By: Vanessa A. Carter, BS
Posted: Friday, January 20, 2023

Li and Zhou, of the First Hospital of China Medical University, Shenyang, China, published their review of cancer-related radiomic and genomics applications in Radiation Oncology. The study, which summarized recent research on radiogenomic applications in solid cancers, suggests that more standard guidelines are needed to normalize radiomics and develop it as a sophisticated field.

“Radiogenomics combines large volumes of radiomic features from medical digital images, genetic data from high-throughput sequencing, and clinical-epidemiological data into mathematical modeling,” the investigators stated. “The amalgamation of radiomics and genomics provides an approach to better study the molecular mechanism of tumor pathogenesis..., make clinical decisions by predicting prognosis, and improve the development of individualized treatment guidance.”

The process of radiogenomics begins with data collection of original medical images from CT, MRI, or PET scans, the authors noted. Images are then segmented to the region of interest, and quantitative radiomics features are extracted and divided into categories such as volume, surface area, shape, and statistical features. Developing a predictive model is the focus of radiomics and often employs machine learning, logistic regression, and Cox proportional hazards. To complete this process, performance assessment and external validation based on other data sets are required to prove the model’s credibility.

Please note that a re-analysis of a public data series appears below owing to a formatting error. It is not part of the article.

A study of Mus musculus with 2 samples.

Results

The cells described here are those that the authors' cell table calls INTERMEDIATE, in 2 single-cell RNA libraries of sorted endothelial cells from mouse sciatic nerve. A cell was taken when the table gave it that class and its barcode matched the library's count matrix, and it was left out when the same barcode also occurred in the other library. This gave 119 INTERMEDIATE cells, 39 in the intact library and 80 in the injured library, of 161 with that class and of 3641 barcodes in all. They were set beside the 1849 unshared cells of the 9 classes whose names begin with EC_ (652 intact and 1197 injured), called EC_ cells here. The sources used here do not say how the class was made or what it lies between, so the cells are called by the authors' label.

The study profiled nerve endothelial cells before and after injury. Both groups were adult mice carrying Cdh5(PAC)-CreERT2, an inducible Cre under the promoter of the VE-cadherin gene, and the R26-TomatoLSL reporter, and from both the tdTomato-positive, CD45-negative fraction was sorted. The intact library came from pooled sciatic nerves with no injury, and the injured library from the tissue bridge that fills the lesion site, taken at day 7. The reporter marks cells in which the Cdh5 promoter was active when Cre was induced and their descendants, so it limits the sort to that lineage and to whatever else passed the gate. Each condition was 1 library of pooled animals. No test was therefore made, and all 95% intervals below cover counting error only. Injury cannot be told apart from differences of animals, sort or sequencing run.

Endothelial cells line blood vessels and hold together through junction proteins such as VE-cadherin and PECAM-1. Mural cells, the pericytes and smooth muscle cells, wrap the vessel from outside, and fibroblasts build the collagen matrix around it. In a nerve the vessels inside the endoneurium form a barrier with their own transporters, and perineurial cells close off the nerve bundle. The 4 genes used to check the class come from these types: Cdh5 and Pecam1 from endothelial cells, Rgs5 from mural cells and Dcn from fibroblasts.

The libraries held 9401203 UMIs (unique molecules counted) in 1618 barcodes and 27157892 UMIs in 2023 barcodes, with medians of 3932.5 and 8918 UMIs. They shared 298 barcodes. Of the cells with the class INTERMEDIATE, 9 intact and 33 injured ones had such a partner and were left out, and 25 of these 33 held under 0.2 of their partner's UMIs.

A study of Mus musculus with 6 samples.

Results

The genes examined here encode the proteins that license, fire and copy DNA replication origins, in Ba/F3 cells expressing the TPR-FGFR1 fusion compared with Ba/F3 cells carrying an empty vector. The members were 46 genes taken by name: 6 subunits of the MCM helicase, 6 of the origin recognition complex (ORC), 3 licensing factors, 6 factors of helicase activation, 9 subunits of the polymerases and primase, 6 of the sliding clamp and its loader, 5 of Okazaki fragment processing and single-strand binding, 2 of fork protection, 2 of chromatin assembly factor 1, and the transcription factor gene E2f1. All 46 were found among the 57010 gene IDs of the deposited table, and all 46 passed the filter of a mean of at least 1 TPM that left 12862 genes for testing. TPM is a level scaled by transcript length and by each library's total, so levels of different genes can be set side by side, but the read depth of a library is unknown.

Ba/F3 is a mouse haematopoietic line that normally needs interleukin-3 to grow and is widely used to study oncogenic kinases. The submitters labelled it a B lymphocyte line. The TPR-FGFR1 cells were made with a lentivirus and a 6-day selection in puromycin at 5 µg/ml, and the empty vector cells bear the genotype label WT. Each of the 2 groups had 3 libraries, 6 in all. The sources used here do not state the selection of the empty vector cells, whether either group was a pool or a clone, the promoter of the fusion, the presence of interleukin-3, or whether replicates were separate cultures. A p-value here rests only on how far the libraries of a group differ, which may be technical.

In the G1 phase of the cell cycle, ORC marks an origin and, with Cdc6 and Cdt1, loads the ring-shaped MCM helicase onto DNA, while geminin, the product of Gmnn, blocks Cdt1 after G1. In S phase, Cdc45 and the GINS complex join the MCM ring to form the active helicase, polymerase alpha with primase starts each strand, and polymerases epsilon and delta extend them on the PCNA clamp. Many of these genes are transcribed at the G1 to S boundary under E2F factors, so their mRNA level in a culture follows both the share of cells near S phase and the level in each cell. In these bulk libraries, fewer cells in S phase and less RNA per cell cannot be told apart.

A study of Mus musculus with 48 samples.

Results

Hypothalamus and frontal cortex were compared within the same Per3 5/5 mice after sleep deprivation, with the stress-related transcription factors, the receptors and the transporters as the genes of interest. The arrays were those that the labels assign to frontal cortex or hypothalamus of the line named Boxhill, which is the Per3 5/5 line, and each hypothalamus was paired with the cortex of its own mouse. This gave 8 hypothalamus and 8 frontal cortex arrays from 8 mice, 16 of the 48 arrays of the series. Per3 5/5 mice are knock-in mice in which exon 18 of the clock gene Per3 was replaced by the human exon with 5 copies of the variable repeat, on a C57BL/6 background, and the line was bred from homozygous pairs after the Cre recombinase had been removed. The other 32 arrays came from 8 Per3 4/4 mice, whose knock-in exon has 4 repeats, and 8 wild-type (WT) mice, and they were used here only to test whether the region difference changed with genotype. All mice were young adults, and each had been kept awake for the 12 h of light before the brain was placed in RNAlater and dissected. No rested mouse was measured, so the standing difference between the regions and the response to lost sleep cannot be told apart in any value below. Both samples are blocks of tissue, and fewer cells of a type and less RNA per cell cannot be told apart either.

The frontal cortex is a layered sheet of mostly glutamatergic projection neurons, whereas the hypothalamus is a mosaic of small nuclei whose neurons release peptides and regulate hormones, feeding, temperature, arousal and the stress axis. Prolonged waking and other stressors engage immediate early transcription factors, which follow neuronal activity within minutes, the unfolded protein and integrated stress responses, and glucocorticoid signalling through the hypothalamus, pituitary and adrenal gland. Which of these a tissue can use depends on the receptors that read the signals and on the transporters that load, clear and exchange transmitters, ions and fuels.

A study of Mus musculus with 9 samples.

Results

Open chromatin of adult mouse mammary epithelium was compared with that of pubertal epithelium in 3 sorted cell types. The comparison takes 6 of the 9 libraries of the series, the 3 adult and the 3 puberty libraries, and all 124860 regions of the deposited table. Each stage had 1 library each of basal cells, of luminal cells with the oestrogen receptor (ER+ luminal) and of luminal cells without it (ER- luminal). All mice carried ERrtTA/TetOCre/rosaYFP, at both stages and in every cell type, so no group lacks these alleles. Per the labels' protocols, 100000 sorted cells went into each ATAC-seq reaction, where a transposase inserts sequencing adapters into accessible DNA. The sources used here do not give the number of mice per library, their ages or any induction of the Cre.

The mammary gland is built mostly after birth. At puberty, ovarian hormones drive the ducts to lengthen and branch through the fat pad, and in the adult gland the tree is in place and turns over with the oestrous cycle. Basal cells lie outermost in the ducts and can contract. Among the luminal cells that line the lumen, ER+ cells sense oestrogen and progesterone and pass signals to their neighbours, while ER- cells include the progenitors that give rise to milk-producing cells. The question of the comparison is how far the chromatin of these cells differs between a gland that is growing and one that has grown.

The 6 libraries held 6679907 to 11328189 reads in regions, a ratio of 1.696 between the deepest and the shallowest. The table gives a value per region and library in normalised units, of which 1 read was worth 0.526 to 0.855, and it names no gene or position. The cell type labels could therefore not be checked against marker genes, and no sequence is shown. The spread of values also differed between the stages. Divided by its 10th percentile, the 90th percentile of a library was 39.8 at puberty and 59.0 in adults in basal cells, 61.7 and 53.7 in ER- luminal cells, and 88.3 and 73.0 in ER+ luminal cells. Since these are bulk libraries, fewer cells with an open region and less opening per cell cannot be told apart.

For example, a recent study established models to differentiate clear cell from non–clear cell renal carcinomas. By incorporating texture features extracted from CT images, this model significantly improved the predictive efficacy of clear cell renal cell carcinoma, appropriately discriminating non–clear cell from clear cell disease. Another study, which applied machine learning algorithms to predict gene mutations in 207 cases of clear cell renal cell carcinoma, demonstrated excellent performance in detecting mutations of genes SETD2, VHL, BAP1, and PBRM1. Combined, the results of these trials suggest that radiogenomics may be a noninvasive alternative to genetic testing, the study authors concluded.

Disclosure: The study authors reported no conflicts of interest.